There’s a strong focus in marketing circles right now on content marketing: publishing valuable content designed to create an affinity for your brand. It is very important to nurture prospects along the decision path with consistent, branded communications that don’t feel pushy or salesy.
But what about the art of being direct? Getting right to the point? Sometimes it’s best to be subtle, but sometimes a good smack over the head is called for. Once you’ve identified a need and opportunity to be direct, how do you go about crafting the marketing message?
The short answer is to ask for what you want.
A Case Study: Who Said It Better?
Two empty storefronts here in Boston are seeking tenants. Both use the same tactic of posting a sign in the window. Which one puts a clear idea in your head?
I must have walked past “Retail Space Available” a dozen times before really seeing it.
The first time I passed “We Want a Café…,” I noticed. It’s different, specific and engaging (as far as real estate posters go). And if I come across anyone who wants to open a restaurant or food shop, guess which one will come to mind first?
Putting It Into Practice
Formats vary (emails, billboards, sponsored tweets and a million others) but messaging is always the key. Here’s how to apply this lesson to your own business and effectively ask for what you want:
1. Know who your target customer is. This takes strategic planning, market insights, and the guts to make some hard decisions. What you’re selling can’t be for everyone, or it’ll be for no one. The more specific the better.
In the café example above, the building owner decided not to be generic and compete for hundreds of other types of tenants. It was a strategic decision: they’ve targeted a segment and are going after it with laser focus. They’ve traded off the opportunity and the distraction, making for crystal clear messaging and increasing the chance of success.
2. Understand the channels. If you can talk directly to customers, do it. Sometimes, because of market dynamics or logistics, it’s more efficient to go through agents or other sales channels, in which case you have multiple audiences to consider in your messaging. Note: Audiences are different than customers.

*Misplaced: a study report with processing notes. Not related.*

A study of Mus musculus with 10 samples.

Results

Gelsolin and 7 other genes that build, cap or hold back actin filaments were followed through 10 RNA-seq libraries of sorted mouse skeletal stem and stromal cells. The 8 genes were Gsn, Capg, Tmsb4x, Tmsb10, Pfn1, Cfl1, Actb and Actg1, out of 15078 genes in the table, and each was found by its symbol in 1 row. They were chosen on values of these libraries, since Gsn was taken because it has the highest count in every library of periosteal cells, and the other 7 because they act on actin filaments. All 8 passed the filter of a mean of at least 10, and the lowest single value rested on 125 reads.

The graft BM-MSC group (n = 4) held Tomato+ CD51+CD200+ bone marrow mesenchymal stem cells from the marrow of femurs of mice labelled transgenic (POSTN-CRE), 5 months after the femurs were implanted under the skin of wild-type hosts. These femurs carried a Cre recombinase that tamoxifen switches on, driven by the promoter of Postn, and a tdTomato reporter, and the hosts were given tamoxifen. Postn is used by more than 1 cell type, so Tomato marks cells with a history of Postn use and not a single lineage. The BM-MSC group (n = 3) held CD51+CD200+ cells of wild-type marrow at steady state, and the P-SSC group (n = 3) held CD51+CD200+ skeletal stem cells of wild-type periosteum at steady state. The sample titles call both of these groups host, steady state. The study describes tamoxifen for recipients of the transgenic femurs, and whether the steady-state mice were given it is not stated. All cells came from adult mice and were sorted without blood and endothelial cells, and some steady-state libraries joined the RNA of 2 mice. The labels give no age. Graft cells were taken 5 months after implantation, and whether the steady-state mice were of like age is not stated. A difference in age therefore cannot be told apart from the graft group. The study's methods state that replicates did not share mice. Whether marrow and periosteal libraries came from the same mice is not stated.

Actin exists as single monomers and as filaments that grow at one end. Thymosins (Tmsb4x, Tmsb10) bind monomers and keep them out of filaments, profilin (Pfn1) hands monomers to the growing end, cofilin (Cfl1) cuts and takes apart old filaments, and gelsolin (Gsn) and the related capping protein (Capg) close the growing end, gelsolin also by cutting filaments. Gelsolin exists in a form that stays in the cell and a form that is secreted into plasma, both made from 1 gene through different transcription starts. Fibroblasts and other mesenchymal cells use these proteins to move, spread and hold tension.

3. Be clear about what you want the reader to think. You’ll have a split second to convey your message, and you don’t want to miss the mark by being forgettably vague or watered down. It’s difficult to resonate with customers numbed by mass media and click bait. Don’t get comfortable using stale industry jargon or cliché headlines that have lost all meaning to the intended audience. If you can, A/B test your message.
4. Be blunt about what you want the reader to do next. Include a simple, straightforward call to action. Don’t use a QR code. (QR codes kill kittens.)
5. Let the concept lead the design. In Option A of our case study above, the company logo takes up 2/3rds of the sign. That would be fine for a branding effort (a sponsorship banner or office signage), but is not effective on a direct marketing device. The café folks are focused on getting results, and their intention led the design layout. Form follows function.
To be fair to the “Retail Space Available” team, it’s easy to pass judgement without the inside scoop. They probably also send targeted communications to brokers (a key audience) and consider the sign as part of their branding arsenal, hence the emphasis on the logo.
The hard parts are defining who your customer is and deciding on the idea you want them to have in their minds after seeing your message. Don’t worry about format and design until you have these pieces solidified.